Easter is the day filled with bunnies and egg hunts. However, like most holidays, each family has their own Easter tradition.
For many Christian families, Easter is more than just a few games and good times. On this day, Christians often celebrate the resurrection of Jesus after mourning his death on Good Friday (two days prior to Easter Sunday). Therefore, many spend their Easter mornings at church attending mass. Easter also marks the end of the fasting season for Christians, known as Lent. Lent begins on Ash Wednesday, where people receive crosses on their foreheads made of ashes. For 40 days, Christians give up a certain pleasure to reenact Jesus’s restraint against the temptations of Satan during his 40-day wilderness fasting. For many Christians, these guilty pleasures are favorite foods or drinks. This also includes restraining from eating meat on Friday as an act of penance during the Lenten season.
As a Catholic, Easter is a big holiday, especially on my dad’s side of the family. Since my dad grew up in New York in a Catholic family, he celebrates the traditions he had as a child with our family in Hawaii. Some of these traditions include baking a pizza rustica, a traditional Italian meat pie filled with a variety of cheeses and pieces of cured meats, and the Easter twist bread, made with a rich dough that is braided and decorated with eggs throughout the circular bread. This Italian bread is very symbolic and historical as it is made to symbolize the crown of thorns that Jesus wore when he was crucified. My dad spends hours on Good Saturday, the day before Easter, preparing these foods for our family dinner on Easter Sunday. My Nana, my dad’s mother, passed down her recipes to him and these special treats are something I look forward to every year.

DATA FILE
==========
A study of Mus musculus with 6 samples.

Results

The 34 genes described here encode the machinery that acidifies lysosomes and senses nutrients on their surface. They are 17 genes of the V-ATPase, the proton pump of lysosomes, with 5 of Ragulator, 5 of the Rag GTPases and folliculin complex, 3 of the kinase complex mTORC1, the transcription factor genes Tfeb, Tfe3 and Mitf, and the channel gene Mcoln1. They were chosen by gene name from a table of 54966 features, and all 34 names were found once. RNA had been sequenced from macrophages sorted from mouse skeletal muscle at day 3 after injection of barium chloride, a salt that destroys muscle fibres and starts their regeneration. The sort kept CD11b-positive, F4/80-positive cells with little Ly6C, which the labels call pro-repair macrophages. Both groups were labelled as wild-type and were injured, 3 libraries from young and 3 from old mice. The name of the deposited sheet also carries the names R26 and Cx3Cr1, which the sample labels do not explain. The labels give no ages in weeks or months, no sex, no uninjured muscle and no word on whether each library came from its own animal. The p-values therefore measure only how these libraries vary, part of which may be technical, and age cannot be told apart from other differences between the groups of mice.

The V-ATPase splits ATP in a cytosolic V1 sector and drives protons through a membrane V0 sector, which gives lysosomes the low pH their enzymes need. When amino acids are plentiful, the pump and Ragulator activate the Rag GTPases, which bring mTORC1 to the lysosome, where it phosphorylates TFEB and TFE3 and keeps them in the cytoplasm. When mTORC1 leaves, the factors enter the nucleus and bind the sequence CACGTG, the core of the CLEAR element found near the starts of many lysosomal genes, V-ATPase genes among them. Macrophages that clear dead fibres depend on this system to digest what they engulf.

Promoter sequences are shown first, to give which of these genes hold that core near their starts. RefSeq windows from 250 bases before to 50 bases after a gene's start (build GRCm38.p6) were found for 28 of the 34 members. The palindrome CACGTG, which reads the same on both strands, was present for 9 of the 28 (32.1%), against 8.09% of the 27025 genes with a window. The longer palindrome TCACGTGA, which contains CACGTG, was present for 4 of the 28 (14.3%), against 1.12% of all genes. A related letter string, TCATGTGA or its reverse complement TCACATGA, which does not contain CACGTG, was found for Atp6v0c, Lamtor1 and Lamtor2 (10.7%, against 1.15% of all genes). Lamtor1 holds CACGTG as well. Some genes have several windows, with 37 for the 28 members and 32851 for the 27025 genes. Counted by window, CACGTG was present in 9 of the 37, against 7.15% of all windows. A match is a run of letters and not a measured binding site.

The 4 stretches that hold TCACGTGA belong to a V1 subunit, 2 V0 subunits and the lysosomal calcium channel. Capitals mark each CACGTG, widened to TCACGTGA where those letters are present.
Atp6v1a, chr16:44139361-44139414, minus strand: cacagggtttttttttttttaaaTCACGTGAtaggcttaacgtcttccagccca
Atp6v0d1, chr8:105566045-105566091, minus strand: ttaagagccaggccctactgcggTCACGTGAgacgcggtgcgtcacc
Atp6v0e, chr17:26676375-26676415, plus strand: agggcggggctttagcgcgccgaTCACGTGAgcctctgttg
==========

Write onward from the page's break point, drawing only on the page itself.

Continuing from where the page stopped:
Aside from my Catholic traditional Easter celebrations, my family, like many others, hold Easter egg hunts. Students Caleb Wataoka ‘20, Rylee Cockett ‘20, Max Miyashiro ‘20, and Calista Rodi ‘20 shared their favorite Easter memories of the fun activity.
“On the day before Easter, we have an egg hunt for my Church and a family get-together,” said Wataoka ‘20. “Now that I’m older, though, I have to place the eggs, instead of hunting for them.”
Cockett agreed saying, “I love having Easter at my aunty’s house and hiding the eggs for the egg hunt for my baby cousins.”
Another well known activity among many families during Easter is dying eggs.
“On Easter Sunday, it’s a tradition to go to my grandma’s house to dye eggs and then we have dinner at her house,” says Miyashiro ‘20.
For Rodi ‘20, Easter is an all-day affair.
“We do breakfast, lunch and dinner with my family,” said Rodi. “When we were younger we used to dye eggs and hunt for eggs.”
Families everywhere participate in their own Easter egg hunts. Included in this common tradition, the White House also holds their famous annual Easter Egg Roll, which this year will be hosted by First Lady Melania Trump on April 22. The tradition began in 1878 as children peered through the gates of the White House watching Easter celebrations take place. Since then, families enter a public lottery that determines the lucky winners who will attend the event.
Whether it’s making special food, dying eggs, or enjoying a good egg hunt, everyone has their own way of celebrating the springtime holiday. Easter is an exciting holiday that allows us to relax and enjoy good company. Have a great Easter, Raiders!